A new Go based malware dubbed as Chaos is targeting windows and linux systems, including small office/home office (SOHO) routers, and enterprise servers into its botnet.
According to researchers from Lumen’s Black Lotus Labs, “Chaos functionality includes the ability to enumerate the host environment, run remote shell commands, load additional modules, automatically propagate through stealing and brute-forcing SSH private keys, as well as launch DDoS attacks.”
Many of the bots are located in Europe, specifically Italy. There were also some infections reported in China and the U.S.; collectively, there were hundreds of unique IP addresses over a one-month period.
This botnet can be used to launch DDoS attacks or contribute to cryptocurrency mining by abusing its position as a persistent malware. The malware is written in Chinese and leverages China-based infrastructure for command and control.
The development also points to a dramatic uptick in threat actors aiming to deter detection, who are using Go to evade reverse engineering.
Chaos stays true to its name as it is known to gain initial access by exploiting known security vulnerabilities, by abusing them to conduct reconnaissance and initiate lateral movement across the compromised network. It is different from the ransomware builder with the same name.
The malware has some exceptional features, such as being able to work across a range of architectures, such as ARM, Intel (i386), MIPS, and PowerPC. This lets it target a wider range of devices and grow rapidly in volume.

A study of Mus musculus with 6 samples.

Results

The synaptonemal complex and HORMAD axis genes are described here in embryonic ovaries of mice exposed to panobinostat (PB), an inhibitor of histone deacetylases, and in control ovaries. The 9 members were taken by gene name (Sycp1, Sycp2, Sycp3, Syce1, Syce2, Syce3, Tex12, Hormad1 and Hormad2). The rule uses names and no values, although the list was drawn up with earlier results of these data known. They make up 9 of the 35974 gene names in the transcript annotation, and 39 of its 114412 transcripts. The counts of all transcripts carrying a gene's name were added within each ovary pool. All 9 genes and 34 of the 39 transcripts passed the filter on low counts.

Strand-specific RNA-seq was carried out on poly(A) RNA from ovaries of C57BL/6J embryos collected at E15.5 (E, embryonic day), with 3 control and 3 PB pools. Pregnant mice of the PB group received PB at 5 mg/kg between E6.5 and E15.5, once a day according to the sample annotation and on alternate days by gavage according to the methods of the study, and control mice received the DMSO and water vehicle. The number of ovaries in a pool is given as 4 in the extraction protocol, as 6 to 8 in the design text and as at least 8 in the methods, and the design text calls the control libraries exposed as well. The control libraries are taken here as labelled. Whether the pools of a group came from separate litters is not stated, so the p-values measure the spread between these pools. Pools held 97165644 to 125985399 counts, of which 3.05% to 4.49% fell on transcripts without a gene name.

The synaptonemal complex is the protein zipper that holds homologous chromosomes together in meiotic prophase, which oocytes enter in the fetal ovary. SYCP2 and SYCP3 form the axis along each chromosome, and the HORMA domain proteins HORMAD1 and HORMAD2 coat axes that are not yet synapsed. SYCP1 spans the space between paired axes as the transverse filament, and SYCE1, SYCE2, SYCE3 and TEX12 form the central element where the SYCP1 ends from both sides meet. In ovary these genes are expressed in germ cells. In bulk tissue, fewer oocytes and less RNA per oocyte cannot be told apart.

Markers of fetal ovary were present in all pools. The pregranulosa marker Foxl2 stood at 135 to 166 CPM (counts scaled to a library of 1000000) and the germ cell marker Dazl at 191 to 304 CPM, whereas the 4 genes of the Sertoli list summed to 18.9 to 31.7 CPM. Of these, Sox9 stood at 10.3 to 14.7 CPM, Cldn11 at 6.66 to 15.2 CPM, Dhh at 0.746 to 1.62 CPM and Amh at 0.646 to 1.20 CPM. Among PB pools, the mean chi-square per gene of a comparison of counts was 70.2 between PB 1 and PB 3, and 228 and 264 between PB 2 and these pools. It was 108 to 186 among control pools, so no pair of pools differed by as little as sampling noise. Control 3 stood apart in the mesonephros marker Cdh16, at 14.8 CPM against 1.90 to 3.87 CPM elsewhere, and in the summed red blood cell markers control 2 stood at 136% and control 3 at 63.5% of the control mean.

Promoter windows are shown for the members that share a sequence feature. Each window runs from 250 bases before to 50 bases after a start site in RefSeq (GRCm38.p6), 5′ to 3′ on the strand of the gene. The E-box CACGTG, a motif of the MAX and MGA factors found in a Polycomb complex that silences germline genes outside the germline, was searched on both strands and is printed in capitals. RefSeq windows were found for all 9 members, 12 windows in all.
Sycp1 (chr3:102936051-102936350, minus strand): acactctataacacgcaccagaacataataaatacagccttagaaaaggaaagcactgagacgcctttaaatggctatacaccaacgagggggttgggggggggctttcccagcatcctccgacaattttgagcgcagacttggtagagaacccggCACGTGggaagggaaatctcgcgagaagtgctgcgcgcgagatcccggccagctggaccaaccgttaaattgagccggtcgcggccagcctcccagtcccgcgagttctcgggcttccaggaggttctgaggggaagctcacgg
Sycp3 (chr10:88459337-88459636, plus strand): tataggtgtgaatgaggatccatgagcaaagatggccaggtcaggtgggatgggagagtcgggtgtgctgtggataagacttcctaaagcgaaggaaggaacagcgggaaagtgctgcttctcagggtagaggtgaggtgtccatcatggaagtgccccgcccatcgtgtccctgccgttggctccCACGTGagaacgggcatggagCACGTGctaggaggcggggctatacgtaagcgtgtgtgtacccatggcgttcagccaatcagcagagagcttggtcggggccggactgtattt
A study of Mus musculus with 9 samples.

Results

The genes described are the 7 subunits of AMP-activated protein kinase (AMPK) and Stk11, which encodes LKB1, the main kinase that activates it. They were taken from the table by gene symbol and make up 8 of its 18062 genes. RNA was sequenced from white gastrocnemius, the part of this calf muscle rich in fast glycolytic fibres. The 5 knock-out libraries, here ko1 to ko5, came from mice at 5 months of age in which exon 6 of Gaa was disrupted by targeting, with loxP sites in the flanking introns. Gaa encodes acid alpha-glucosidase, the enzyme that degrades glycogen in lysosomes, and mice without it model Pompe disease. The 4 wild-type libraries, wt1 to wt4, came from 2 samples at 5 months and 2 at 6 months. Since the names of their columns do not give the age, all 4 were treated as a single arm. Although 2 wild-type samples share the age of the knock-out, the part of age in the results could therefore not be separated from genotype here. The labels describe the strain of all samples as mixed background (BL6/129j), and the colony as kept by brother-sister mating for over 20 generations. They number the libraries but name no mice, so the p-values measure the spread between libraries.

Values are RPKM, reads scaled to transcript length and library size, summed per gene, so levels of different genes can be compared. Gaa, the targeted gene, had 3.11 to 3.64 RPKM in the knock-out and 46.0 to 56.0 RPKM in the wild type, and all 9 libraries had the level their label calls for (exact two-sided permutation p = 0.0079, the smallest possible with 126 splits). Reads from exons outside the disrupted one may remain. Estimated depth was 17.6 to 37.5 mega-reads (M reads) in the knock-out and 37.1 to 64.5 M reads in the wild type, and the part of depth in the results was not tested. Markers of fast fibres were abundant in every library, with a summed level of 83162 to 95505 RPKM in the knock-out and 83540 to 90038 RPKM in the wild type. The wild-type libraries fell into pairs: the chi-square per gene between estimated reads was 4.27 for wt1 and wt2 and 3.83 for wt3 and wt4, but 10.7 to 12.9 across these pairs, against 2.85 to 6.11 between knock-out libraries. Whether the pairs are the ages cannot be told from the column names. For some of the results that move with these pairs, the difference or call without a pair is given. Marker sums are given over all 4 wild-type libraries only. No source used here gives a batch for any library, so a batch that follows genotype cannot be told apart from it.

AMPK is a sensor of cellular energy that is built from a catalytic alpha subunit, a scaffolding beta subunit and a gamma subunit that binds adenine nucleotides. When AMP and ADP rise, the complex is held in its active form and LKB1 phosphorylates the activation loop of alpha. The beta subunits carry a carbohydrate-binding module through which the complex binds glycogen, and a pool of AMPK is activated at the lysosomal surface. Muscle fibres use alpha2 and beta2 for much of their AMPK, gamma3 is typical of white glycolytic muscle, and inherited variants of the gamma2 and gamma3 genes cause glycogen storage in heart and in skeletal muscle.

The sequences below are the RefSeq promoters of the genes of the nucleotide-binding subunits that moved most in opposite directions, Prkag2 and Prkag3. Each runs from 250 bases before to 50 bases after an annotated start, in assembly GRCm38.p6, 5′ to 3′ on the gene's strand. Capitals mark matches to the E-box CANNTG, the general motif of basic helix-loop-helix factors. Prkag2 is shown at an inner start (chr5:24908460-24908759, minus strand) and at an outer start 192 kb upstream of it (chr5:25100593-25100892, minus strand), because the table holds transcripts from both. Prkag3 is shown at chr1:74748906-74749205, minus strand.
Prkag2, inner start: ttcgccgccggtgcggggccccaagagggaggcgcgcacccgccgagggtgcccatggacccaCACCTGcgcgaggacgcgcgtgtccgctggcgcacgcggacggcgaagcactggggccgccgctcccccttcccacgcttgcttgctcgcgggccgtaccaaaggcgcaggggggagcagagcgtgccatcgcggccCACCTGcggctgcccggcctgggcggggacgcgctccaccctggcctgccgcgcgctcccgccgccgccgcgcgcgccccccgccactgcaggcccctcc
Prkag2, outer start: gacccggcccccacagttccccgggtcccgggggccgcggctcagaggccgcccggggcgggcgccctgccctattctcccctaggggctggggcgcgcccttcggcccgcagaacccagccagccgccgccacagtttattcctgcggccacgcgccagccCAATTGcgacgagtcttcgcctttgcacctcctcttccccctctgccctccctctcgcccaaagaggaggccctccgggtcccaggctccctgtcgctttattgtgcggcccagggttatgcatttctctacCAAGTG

Chaos contains the ability to execute commands sent to it, including exploiting a publicly-disclosed vulnerability (CVE-2017-17215 and CVE-2022-30525) defined in a file.
Chaos is believed to be an evolution of another DDoS malware based on Kaiji, which targeted Docker instances in the past. With an analysis of over 100 samples and given that there are overlapping code, this claim seems plausible.
The GitLab servers located in Europe were attacked by the Chaos botnet in September. Hackers targeted servers with a variety of purposes, targeting crypto mining exchanges as well as others.
The findings come 3 months after a cybersecurity company exposed the new RAT named ZuoRAT that has been targeting SOHO routers as part of a sophisticated campaign directed against North America and Europe networks.
If a computer is infected with ransomware and encrypts the data on it, the person who is infected cannot access their own files. Chaos can dramatically increase the speed of an infection because there are no lines of defence or checkpoints.